I would like to have an explanation about your references to a put to buy versus a put to sell, and a call to buy versus a call to sell. (May 15, 2000)
When we are looking at actually buying an option, we use the phrase "to buy" after the option symbol. This is language that your broker understands when you place an order. For example, today we were looking at some calls to buy on MMC from our Stock Split Report. We told our broker the following: we want to place a day order for 10 contracts of MMC July $95 call options to buy at a limit of $8.50. This lets the broker know all of the specifics of our order, and the "to buy" means we want to purchase these options. We felt the stock was going to continue its move up (it did), so we wanted to buy these call options to take advantage of the move up.
With the stock moving up, we could also have placed an order to sell the puts so we could take advantage of the move up. As a stock rises, the value of puts on the stock decreases. We could have also placed the following order: we want to place a day order for 10 contracts of June $95 MMC puts to sell at a limit of $____ (we don't have the price because we were not looking at this play today). That way we could have sold the puts, taken in the money for the sale, and then bought them back later today when the stock was up over $8 and the value of the puts fell. Again, this is language that lets the broker know what position we want to take.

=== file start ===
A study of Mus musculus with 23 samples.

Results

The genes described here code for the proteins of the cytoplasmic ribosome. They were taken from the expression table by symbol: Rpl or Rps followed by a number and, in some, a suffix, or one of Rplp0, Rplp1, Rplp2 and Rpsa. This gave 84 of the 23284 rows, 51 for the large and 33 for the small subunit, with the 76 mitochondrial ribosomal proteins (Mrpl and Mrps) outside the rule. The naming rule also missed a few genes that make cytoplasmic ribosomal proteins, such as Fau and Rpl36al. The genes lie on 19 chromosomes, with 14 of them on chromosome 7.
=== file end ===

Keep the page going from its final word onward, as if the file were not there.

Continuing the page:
If we feel a stock is going to fall, we can sell calls on the stock (naked or covered-the latter if we own the stock) or buy puts on the stock. As for calls to sell, we often sell covered calls on our long term stock holdings when we feel the stock has reached a peak and is going to trend lower. We will sell at or slightly out of the money, near-term covered calls on those positions with the idea that as the stock falls in price, the calls will lose value as well. We then repurchase the calls to close the covered position, and our profit is the difference between the price we sold the calls for and the price paid to repurchase them. We tell our broker: we want to place a day order for 10 contracts of XYZ June $60 calls to sell at a limit of $_____ to open a covered position on 1,000 shares of my XYZ stock. When we close the position, we reverse the order: we want to place a day order for 10 contracts of XYZ June $60 calls to buy at a limit of $___ to close the covered position on 1,000 shares of my XYZ stock.
We look to buy puts as well when we think a stock is going to fall. That order is the same as buying a call option, except you say you are buying puts instead of calls.